Much has been said and written about PTSD since Viet Nam and the conflicts in the Middle East. I think there needs to be some clarification on this matter. Many professionals serving First Responders at home use the term “Critical Incident Stress”, and have developed Debriefing protocols that have proven effective in addressing those who have been involved or who have witnessed single traumatic events. Neither this syndrome nor its protocols should be confused with Post-Traumatic Stress or the Disorder that describes its symptomatology.
PTSD results from prolonged exposure to traumatic stress or to the posibility of such occurances. PTSD developes from being involved in unexpected firefights, or it may come from a such routines as driving in supply convoys through territories where there is a potential of ground attack or roadside IED bombs. The traumatic stress is constant in both cases, and without after-action help, the stress carries over even when threats are no longer present. EVERYONE WHO HAS BEEN IN COMBAT or in the theater where such stress is likely, has PTSD. It is just a matter of the degree in which its effects are evident to the soldier and/or to his/her observers.
The symptoms of PTSD are listed in every tome on the subject: startle reactions, nightmares, irritability, avoidance of stressful situations, addictions, etc. What I want to address here is the etiology of PTSD. Those who have experienced combat know well that if one is overcome by emotion in a fight, one will get killed. Soldiers quickly learn to deal with threats of the moment by suppressing feelings so one can respond instantaneously. When one returns to safety, spontaneous vomiting, or other delayed involuntary emotional reactions to what had occured are then commonly experienced. Often there are day or night dreams that relive or exaggerate the frightful event(s). The point is that the combattant learns to suppress his/her emotions over a period of time, which extends beyond the period of threat. Abreation or retelling the traumatic experience(s) begins the process of connecting one’s feelings with an event, and this process takes time (and sometime treatment) – even months or years. This breaks the practice (or “racket”) of keeping emotions appropriate to the stressful occasions of life in the UNCONSCIOUS MIND where they can control us, transposing them instead into the CONSCIOUS MIND where one can control the emotions and the related behaviors! It is common to hear a combat veteran, years after his trauma, respond to a former buddy at a unit reunion, “Damn you for making me remember !” But such is the very beginning of a healthy process for the one suffering from PTSD.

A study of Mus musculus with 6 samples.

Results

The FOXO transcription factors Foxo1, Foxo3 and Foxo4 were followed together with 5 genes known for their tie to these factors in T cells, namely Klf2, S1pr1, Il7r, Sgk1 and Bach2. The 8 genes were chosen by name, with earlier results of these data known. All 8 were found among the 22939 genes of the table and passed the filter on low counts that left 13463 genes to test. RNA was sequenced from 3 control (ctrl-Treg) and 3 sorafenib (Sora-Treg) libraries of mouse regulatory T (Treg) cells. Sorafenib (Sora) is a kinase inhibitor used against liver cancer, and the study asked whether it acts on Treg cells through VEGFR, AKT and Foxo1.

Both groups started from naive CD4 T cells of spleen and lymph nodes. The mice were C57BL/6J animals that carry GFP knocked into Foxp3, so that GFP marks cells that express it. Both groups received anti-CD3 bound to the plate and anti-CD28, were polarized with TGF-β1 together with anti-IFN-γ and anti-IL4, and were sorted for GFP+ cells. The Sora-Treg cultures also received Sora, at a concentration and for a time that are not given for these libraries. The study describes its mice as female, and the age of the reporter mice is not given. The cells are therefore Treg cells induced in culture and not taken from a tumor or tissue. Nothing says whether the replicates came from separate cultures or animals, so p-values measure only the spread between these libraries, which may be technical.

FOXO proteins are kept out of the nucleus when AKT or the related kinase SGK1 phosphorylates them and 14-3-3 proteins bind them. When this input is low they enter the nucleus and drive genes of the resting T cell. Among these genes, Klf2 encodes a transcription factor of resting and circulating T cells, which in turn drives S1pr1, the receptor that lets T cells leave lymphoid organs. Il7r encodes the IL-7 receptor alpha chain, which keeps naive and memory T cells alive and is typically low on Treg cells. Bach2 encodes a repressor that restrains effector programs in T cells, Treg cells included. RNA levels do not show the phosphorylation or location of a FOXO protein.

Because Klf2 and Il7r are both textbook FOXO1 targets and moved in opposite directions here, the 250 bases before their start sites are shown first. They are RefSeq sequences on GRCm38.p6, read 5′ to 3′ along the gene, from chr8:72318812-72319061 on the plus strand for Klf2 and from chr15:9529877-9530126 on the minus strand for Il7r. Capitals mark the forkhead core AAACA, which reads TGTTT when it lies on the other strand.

The family is the threshold for returning to society for the returning combat veteran. Many of the symptoms of PTSD have a negative, even frightening, effect on members of the family. One glaring sign of PTSD is when the returning soldier confronts problems or disliked responsibilities in the home or marriage, he/she retreats to the barracks, ship, or hanger to find buddies (which I call “the 2nd Family”) with whom previous bonding has been experienced, in avoidance of solving problems at home or in the family. When confronting potentially destructive symptoms of PTSD by the returnee’s loved ones, the spouse or parent needs to seek professional advice, rather relying on patience that may reach its limits with negative results.
PTSD is a normal reaction to the abnormal experience of combat or the continuous threat of trauma. Deployment experiences change every person involved – both those at home and those abroad. The Servicemember may have a difficult time accepting therapeutic help, thinking it is a sign of weakness – in his or her own eyes, or in the eyes of others or of one’s superiors. However, war is an overwhelming experience, and adjustment in the process of returning home and to society may require the understanding help of a trained outsider for adjustments to be made by both the veteran and his host family members. Such may expedite a fitting welcome to a normal life in close relationships and in peaceful surroundings.